Currently the IRS uses the CP2000 Notice to notify taxpayers of specific adjustments it is recommending to their income, expenses and credits on a tax return under examination. In an effort to close the $300 billion "tax gap" – the difference between taxes owed and taxes collected, the IRS has developed a new "soft" notice. The new notice labeled CP2057 is similar to the CP2000 Notice minus the specifics. It will merely request the taxpayer to "double check" parts of their tax return and file an amended return if they discover any mistakes when they "double check." IRS spokesman Bruce Friedland said, "We believe this approach will allow taxpayers to correct underreporting issues without having to correspond extensively with the IRS, thus benefiting both the taxpayer and the service."
The benefit of this new notice for the "service" in collection efforts is obvious, not so much is the "benefit" to the taxpayer. If the IRS has specific information it believes will adjust your return, they are going to send the standard CP2000 Notice identifying those proposed adjustments. If they lack specific information and send the new CP2057 Notice, they are essentially initiating a "fishing expedition" hoping the taxpayer will voluntarily set aside their civil liberties and provide them the information they lack. With the tax gap set in the hundreds of billions and pressures abounding from congress to collect more tax more efficiently, the potential abuse of this type of "notice" are evident. The IRS could conceivably send this notice to every taxpayer that claimed a credit or itemized deductions on their returns.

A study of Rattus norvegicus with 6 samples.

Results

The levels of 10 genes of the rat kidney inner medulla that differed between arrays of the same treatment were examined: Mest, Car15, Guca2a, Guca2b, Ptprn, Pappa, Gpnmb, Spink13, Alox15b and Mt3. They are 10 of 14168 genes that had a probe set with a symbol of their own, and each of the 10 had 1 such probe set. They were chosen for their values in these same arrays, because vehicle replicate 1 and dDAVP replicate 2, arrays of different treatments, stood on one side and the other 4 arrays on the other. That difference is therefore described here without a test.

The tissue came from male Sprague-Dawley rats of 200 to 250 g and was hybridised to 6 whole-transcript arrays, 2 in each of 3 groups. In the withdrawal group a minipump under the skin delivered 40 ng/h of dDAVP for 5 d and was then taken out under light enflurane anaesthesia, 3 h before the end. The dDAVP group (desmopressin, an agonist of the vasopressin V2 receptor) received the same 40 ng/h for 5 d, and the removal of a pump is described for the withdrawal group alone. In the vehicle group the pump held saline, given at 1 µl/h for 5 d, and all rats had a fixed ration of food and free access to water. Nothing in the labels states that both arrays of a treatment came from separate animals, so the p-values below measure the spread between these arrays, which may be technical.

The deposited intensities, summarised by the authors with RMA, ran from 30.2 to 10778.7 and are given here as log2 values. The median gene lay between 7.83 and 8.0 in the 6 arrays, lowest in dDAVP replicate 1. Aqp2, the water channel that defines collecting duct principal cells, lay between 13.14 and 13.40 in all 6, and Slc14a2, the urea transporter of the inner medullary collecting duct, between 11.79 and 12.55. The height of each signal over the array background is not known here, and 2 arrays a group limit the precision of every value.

A taxpayer who obliges the IRS with an amended return in response to a CP2057 could unwittingly find themselves in the predicament of facing an IRS audit – nothing would prevent the IRS from using the "new" information to take such an action. There is the additional possibility that the "fear factor" the IRS relies so heavily on to gain voluntary compliance from taxpayers could result in innocent, law abiding citizens filing an amended return unnecessarily after receiving this notice. The result would be more headaches for both the service and the taxpayer which is not in the best interest of either party and a creation of an IRS Problem with there previously was none. This new notice has all the appearances of creating more ambiguity in the collection of taxes. More ambiguity will yield less efficiency in IRS operations and the continuation of a perception of an unfair tax system amongst taxpayers.
Advice from qualified tax professionals on how to deal with this notice when a taxpayer receives it will depend on the followup procedures and notices the IRS sends to taxpayers that don't respond to the initial notice. Currently a sample CP2057 can't be located on the IRS website, if you happen to have received one or receive one in the near future we'd love to have a copy faxed to our offices at (813) 251-9605. In the meantime the IRS would be better served to close the informational reporting gap so it can target potential abuse more specifically rather than throwing out a wide net. Hey here's an idea, require banks to submit a yearly informational return on business accounts. It needs to be only three lines; total deposits, total withdrawals, and over/under. This would be a great place to start in comparing business income, expenses and profit claimed on a return. Then again it's not really our job to tell the IRS how to better do theirs.